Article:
Health & Fitness

Stretching may improve shrinking muscles, tendons

Hitting middle age can be a shrinking experience. You're usually less active, so you don't use your muscles as much; or move the tendons that hold those muscles to your bones. The result is that they contract, or shrink. Boomers don't bend their joints as much, so the ligaments that hold bones together also contracts, and, you guessed it, those ligaments shrink too.

This contraction of connective tissue is not the reason boomers typically start losing height — that's most often due to a shortening of the spine and other bones from mineral loss, AND it actually starts in the youthful 40s.

But the shrinkage of connective tissue does something much worse than make boomers shorter: It limits your range of motion, or ROM. If you can't move your arm forward as a counter balance when you accidently lean too far backward, that increases your chances of a fall. If your finger tendons are contracted, you won't have the ROM to grip an object tightly — and the glass holding your beverage tips over, causing a great flurry of wipe-up activity and embarrassment.

This tissue contraction is simple to fix. Plus, it's important to do it, because shrunken connective tissue affects your balance as well as your grip; it shortens your reach and makes such everyday activities as walking or even taking care of bathroom needs much more difficult.

The one word solution to fixing contracted connective tissue? Stretching.

All soft tissues, whether muscles or tendons and ligaments, are made up of fibers pressed tightly against each other to make a solid surface. But in movement, these fibers stretch and contract. If they're flexible, they even slide past each other. The flexibility, which comes from regular and consistent stretching, also allows the tissue as a whole to have a greater ROM. Your hip flexors can more easily reach to take a step up a steep stair or lift the leg to a high step to easily get into a big pickup truck. You can take the long easy steps of youth, rather than the tiny shuffling steps and movements that are a sign of age.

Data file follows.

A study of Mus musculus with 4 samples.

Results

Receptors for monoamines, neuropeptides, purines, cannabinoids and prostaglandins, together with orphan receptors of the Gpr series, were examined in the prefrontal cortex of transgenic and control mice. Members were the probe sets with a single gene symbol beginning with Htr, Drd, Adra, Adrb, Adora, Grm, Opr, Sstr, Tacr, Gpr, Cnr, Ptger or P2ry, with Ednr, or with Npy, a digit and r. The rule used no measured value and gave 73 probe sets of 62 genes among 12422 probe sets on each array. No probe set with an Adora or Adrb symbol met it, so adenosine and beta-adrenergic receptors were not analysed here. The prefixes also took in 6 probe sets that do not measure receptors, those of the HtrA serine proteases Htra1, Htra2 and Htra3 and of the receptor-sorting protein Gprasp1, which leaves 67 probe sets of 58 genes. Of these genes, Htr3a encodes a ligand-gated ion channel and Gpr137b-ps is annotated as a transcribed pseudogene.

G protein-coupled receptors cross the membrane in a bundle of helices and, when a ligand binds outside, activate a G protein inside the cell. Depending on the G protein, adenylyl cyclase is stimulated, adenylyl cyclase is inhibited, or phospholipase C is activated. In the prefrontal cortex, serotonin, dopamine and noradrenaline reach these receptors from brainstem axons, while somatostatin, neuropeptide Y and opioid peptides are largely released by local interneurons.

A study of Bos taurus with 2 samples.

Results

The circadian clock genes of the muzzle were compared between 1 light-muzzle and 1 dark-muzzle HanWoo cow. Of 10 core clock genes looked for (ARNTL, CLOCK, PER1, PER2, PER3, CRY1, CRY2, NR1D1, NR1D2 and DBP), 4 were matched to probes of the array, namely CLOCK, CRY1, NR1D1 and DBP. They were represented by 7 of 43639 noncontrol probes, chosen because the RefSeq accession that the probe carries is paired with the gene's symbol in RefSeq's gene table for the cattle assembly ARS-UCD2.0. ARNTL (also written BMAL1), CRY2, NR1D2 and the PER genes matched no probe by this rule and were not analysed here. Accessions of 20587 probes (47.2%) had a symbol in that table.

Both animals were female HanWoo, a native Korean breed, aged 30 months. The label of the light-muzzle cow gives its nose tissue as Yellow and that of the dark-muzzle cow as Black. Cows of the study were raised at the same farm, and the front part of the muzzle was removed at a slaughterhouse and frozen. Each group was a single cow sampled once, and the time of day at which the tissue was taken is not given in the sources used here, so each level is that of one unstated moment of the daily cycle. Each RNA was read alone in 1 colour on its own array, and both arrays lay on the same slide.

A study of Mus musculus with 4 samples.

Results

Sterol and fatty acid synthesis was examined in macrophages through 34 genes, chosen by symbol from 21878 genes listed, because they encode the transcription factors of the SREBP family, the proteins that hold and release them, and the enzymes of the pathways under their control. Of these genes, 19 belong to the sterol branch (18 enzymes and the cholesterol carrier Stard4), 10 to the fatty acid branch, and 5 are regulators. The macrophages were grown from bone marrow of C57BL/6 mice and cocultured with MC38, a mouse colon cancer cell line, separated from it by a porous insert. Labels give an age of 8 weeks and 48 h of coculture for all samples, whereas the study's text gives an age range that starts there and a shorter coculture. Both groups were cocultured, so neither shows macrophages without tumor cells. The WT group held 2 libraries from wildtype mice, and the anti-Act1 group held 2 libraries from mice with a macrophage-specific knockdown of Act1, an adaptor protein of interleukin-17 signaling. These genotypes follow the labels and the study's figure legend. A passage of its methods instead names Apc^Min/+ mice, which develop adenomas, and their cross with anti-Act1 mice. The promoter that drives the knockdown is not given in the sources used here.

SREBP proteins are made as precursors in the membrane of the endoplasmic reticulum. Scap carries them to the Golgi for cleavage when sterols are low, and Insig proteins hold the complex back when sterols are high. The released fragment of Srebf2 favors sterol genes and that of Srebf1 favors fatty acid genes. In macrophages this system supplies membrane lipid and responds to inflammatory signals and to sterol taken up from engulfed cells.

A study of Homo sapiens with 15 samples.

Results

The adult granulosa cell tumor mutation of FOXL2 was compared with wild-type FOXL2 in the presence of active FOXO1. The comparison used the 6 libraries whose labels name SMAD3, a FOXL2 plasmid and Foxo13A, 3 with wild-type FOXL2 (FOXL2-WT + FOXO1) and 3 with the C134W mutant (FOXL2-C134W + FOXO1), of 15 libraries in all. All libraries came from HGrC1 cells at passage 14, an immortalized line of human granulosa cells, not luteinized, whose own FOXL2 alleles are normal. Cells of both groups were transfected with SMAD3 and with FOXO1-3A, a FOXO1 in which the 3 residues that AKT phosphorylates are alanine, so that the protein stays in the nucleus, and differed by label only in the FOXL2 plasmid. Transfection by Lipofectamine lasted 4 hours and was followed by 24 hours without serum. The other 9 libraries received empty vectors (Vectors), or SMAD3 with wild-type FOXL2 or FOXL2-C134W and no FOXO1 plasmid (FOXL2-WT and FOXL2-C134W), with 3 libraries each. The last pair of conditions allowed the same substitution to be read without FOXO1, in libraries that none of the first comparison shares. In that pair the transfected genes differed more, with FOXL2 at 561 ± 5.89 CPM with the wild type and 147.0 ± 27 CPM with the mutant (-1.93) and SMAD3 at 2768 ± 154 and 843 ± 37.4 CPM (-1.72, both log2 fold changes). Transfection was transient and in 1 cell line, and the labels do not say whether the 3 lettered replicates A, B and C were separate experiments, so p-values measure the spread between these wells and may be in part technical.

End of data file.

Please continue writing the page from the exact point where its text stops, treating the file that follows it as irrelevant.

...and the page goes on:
If you haven't done a regular stretching program in a while, especially if you're fairly sedentary (spending most of your time sitting, either at home or in an office), you'll need to start your stretching program off very easily.

Here are a few important stretches. Start with toe touches, which stretch the large muscles at the back of the thigh. Stand with feet shoulder width apart, bend over at the hips while keeping your spine straight, and let your arms hang down, very relaxed. The weight of your upper body will do the stretching work. Hold the position for two to three minutes without trying to push your fingers down to the floor. That's for later, after the muscles and tendons have already become more flexible.

Next, sit in a chair with a firm, not cushion-y, seat. Put your hands on your upper right thigh. Using gentle pressure, twist your upper body towards your right shoulder, pulling with your hands to increase the stretch. Hold for one minute, then do the same thing on your left side. This stretches the lower back muscles, and often relieves that nagging backache many boomers frequently have in the morning.

For fingers, place your hand on a flat surface, and with all fingers touching that surface, bend your wrist and the rest of your hand upright. Next, do the other hand. Complete your finger flexibility stretch by using one hand to stretch each of the fingers of the other hand individually. Put your thumb on the mid-knuckle and gently bend each finger backwards, using the thumb as a sort of fulcrum to stretch the tissues in each finger.

Other important areas to stretch are the shoulders, hip flexors (groin), front of the thighs (quadriceps) and upper back. You can find stretching information in books or online. Having a more flexible body is not only better for your overall health, it makes you much more comfortable in everyday life.